On June 28, Cornell received a $15 million grant from The Atlantic Philanthropies (Atlantic) to support financial aid for students in the Cornell Tradition program. The gift, which will be paid in three annual installments of $5 million each beginning this month, is one of the largest current-use gifts to undergraduate scholarships in Cornell's history.
The grant is intended to help the university meet its growing commitment to keep Cornell affordable for students from all financial backgrounds. In 2008, Cornell dramatically expanded its financial aid coverage by reducing, and in some cases eliminating, need-based student loans and requirements for parental contributions. The policy is costly, adding approximately $20 million per year to the university's undergraduate financial aid budget, which exceeded $198 million in the 2010-11 academic year.
The Cornell Tradition awards 545 fellowships per year to Cornell students who demonstrate significant work experience, a commitment to campus and community service and academic achievement. Atlantic's gift will support grant aid costs for students enrolled in the program, an expenditure that amounted to more than $12 million in the 2010-11 academic year.
"By directing its generous grant toward scholarship support for students in the Cornell Tradition, Atlantic is helping Cornell encourage undergraduates to pursue work and volunteer opportunities and to make it a priority to become involved in the life and welfare of the community," said President David J. Skorton. "This gift supports one of the university's most important missions -- to educate people who will go on to make lasting contributions to scholarly fields, science, the arts, business, and not least, to their communities and the world."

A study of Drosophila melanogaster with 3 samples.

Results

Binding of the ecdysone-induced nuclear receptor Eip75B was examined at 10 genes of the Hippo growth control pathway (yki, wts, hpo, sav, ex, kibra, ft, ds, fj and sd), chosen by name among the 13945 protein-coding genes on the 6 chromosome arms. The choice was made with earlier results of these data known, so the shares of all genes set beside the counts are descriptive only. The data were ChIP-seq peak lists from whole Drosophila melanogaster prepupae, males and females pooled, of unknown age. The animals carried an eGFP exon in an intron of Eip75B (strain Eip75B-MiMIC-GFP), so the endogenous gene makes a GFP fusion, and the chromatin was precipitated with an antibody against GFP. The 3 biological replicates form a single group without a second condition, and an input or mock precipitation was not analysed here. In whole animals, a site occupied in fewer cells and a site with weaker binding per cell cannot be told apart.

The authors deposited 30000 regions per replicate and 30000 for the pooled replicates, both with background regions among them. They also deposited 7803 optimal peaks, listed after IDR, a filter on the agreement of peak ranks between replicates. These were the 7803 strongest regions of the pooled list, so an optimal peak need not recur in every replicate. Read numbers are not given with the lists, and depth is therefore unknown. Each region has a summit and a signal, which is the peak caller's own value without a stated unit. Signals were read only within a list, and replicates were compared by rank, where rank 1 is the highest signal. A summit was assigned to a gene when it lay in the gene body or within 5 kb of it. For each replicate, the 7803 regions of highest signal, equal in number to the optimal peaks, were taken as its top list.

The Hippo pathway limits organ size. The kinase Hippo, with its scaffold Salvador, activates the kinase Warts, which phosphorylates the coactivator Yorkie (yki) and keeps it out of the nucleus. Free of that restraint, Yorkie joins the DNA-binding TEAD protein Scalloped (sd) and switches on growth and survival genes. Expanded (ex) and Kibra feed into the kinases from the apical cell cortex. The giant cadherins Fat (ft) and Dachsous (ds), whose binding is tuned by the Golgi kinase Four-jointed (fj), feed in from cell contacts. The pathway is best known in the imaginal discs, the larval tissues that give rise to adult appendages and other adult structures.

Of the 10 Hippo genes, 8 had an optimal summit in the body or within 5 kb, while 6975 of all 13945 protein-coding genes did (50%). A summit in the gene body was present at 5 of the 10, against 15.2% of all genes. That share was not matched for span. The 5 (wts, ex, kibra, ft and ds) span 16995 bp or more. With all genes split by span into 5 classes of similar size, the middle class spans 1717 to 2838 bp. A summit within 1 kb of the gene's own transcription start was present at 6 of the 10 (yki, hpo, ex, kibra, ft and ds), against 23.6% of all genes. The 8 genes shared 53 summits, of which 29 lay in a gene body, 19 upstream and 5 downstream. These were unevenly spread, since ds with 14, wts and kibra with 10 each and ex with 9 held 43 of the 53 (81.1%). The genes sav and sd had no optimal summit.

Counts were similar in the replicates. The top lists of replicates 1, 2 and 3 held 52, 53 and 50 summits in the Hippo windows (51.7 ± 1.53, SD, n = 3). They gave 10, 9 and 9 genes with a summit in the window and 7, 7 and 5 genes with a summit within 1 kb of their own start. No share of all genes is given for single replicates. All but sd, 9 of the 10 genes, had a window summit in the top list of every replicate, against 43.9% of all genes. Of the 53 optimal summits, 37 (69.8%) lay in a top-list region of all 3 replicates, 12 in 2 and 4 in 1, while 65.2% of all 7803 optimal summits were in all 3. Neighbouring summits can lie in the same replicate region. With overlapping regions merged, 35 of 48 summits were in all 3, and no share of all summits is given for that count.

The Atlantic Philanthropies was founded by Cornell alumnus Chuck Feeney '56, who earlier this year signed the Giving Pledge, a movement initiated by Bill and Melinda Gates and Warren Buffett to encourage America's wealthiest people to make a written commitment to giving away the majority of their money to charity. To explain his participation in the pledge, Feeney wrote: "I cannot think of a more personally rewarding and appropriate use of wealth than to give while one is living -- to personally devote oneself to meaningful efforts to improve the human condition."
Since 1982 Feeney's foundation has granted Cornell more than $600 million, making it possible for the university to maintain its need-blind admissions policy; recruit and retain faculty in key academic areas, including the life sciences, biological sciences and social sciences; launch new living-learning communities on North and West campuses; and pursue a wide range of other academic and campus life-related initiatives. The foundation's first major gift to the university, in 1983, established the Cornell Tradition program, which has since become a model for similar work and service scholarship programs around the country.
Worldwide, Atlantic has granted a total of $5.5 billion to bring about what the foundation calls "lasting changes in the lives of disadvantaged and vulnerable people." Atlantic's four areas of focus are aging, children and youth, population health, and reconciliation and human rights. Programs funded by Atlantic operate in Australia, Bermuda, Northern Ireland, the Republic of Ireland, South Africa, the United States and Vietnam.
Emily Sanders Hopkins is a staff writer in the Office of Alumni Affairs and Development.